Craig | 23 | West Midlands, England | Photographer
I came out when I was 17 in a less than ideal way. However, I came out of it stronger.
Coming Out is one of the biggest things a gay person will do, regardless of the reaction it gets.
"Once you are out you feel a huge weight has been
I came out during a vodka induced emotional blackout which lead me to phone my mom and scream "I'm Gay" down the phone to her. I hadn't rehearsed that and I don't suggest doing it this way! I think the way that I came out made it worse for my mom because it was so brutally blunt. I didn't break it to her at all gently. Telling other people wasn't as bad though. I told my older brother and he was nothing but supportive. My sister said she already knew. Telling them brought me closer to them than anything. They really helped me in terms of giving me advice on how to cope with my mom's reaction.
"It's important to remember that support might be closer than you think."
Me and my mom weren't the same for about 18 months, which was horrible for both of us because we were the closest a mother and son could be. We barely spoke and any time we did speak we argued because of the fact that I was gay. It was really hard during this time to remind myself that it wasn't my fault.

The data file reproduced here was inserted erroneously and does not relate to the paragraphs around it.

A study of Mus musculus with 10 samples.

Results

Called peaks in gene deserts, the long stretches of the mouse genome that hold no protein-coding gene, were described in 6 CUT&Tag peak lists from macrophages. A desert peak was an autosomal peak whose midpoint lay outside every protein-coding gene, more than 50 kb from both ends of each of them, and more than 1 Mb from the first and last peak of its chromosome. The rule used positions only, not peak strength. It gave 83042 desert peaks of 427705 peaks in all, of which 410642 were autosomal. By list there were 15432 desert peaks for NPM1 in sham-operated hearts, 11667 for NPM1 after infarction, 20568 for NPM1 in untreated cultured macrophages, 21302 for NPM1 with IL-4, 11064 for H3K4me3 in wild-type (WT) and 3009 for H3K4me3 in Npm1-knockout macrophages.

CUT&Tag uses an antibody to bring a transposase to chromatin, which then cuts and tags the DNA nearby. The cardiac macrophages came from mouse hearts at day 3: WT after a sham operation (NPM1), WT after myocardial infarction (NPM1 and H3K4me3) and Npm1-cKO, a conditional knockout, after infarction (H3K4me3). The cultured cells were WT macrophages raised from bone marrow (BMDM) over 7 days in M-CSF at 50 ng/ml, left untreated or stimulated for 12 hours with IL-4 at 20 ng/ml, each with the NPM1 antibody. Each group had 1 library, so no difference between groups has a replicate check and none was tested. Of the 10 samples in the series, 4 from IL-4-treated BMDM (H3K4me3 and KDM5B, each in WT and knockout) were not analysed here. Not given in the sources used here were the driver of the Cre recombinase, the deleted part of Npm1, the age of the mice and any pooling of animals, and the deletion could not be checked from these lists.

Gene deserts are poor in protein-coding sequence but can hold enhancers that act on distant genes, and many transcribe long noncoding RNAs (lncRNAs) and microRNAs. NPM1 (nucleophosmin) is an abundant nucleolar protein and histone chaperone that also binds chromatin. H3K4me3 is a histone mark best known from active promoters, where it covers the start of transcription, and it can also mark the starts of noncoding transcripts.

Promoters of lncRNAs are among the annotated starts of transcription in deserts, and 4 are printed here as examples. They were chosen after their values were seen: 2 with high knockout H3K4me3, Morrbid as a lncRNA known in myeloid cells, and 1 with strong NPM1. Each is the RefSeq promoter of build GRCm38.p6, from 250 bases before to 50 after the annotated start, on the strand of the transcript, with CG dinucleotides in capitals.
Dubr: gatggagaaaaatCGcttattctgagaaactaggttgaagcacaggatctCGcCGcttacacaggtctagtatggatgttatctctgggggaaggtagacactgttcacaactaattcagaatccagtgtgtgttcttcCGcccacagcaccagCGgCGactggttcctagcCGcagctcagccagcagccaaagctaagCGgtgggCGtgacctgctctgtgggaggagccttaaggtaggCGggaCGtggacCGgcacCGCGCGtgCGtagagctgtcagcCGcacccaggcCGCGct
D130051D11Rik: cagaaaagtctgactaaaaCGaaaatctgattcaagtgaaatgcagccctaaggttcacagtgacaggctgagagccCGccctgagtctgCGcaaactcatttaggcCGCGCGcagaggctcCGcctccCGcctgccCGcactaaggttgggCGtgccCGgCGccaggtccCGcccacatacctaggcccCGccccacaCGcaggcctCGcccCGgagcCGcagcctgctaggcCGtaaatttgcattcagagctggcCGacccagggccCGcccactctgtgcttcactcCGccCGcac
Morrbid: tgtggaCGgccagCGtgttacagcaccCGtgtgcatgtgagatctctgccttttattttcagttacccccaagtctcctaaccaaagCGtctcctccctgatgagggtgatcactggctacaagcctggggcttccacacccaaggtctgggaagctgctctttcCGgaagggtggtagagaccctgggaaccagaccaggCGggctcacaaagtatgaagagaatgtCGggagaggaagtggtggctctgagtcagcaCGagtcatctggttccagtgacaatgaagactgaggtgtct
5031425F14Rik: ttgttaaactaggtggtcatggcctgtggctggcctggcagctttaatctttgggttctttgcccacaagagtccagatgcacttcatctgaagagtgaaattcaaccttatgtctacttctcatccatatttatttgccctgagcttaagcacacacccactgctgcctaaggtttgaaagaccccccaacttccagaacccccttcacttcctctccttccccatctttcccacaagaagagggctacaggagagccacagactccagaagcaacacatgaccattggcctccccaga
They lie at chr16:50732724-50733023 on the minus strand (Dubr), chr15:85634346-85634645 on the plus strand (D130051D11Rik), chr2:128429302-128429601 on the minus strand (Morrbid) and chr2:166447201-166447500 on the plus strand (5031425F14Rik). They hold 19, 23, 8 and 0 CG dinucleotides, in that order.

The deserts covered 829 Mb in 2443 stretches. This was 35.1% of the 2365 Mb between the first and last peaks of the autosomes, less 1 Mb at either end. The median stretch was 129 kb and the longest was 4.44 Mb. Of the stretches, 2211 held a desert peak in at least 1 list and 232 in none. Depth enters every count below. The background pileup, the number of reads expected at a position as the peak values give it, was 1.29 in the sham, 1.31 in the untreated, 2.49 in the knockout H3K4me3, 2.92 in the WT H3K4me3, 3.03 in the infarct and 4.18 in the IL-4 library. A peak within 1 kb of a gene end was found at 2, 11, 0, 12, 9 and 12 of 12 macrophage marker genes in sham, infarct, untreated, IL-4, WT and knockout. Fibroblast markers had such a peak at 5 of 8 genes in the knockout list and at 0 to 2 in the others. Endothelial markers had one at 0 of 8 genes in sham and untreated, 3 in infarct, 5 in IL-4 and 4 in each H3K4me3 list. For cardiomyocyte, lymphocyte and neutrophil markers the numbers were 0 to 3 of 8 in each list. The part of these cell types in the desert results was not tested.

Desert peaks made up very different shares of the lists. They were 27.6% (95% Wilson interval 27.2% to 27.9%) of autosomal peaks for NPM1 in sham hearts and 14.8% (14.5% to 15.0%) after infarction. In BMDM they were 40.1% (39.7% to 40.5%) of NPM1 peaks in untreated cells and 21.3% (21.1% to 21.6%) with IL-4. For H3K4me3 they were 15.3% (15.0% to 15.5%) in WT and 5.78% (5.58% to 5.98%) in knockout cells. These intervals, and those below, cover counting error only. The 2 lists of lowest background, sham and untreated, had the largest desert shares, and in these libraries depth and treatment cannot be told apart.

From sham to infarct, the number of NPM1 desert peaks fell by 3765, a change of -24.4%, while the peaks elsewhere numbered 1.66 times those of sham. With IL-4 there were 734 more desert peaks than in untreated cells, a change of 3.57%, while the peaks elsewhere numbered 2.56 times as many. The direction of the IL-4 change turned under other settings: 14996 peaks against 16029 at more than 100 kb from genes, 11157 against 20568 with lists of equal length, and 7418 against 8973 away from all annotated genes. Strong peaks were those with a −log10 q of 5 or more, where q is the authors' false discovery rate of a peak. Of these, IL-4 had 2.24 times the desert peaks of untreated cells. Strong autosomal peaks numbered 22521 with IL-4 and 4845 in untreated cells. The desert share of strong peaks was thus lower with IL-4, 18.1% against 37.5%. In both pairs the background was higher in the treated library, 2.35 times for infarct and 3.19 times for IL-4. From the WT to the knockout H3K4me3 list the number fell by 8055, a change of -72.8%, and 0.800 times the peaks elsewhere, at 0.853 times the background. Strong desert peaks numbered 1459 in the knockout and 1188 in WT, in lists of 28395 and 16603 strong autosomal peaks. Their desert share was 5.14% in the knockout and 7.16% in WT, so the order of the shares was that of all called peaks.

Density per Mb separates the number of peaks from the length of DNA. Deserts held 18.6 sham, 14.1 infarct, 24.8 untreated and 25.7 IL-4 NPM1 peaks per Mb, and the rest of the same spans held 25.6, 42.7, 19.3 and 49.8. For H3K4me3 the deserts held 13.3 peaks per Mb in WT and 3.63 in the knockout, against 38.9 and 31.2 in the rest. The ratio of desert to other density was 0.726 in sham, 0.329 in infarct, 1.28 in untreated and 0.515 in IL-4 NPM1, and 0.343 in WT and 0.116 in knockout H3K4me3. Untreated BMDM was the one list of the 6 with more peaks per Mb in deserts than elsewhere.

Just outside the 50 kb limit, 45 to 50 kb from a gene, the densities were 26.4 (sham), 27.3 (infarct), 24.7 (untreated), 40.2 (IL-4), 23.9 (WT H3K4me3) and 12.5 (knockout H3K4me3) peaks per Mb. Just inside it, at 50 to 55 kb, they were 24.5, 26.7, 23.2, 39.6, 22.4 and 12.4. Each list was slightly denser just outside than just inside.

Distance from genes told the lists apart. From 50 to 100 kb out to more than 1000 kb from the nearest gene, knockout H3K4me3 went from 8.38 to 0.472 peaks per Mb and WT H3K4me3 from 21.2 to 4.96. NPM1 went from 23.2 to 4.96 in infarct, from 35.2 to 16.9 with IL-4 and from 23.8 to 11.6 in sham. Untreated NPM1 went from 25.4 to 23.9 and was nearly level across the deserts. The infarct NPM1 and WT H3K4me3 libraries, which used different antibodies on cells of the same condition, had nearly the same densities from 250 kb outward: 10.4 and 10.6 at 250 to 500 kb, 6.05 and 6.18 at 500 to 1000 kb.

Being gay isn't a 'fault' in the first place, let alone anyone's fault. Being gay is part of life. The attraction of the same sex. Simple chemical reactions within the body burdened with the implications of a faulted world.
When me and my mom began to talk and understand each other it became about me reassuring her and getting her point of view into the correct focus as opposed to arguing. We eventually got there, hence my idyllic life I have now. I have only spoke in detail about my Mom because that was where my struggle was. I told my Dad and I got my good reaction. I got the hug and, "your still the same to me", that I really was not expecting from him. People sometimes go against your expectations.
The one concern that both my parents shared was the sexual health side of things. They immediately assumed because I am gay I would get Aids. No matter how outdated the assumption may be that gay automatically equals Aids, it doesn't take much to reassure them. Just tell them that you know the risks and are being safe. If you need to get away from the stress of being around your family because the gay talk is just too much just spend time with your friends. I found my friends to be a great source of support. Even if it's just for a few hours, being around people you can talk to freely and openly really helps. Just meeting someone else that is gay is also a huge help, because they will know exactly what you are going through.
"No matter how big or small the struggle is, you will
definitely come out stronger on the other end."
It might just need a bit of time. Don't be too shocked if you end up having to give support to people (in order for them to understand what you're telling them)instead of you receiving it! If you do end up Coming Out you can always rely on someone for support, be it a friend, a partner or even a colleague; perhaps even an anonymous online forum. There's always someone out there to help you.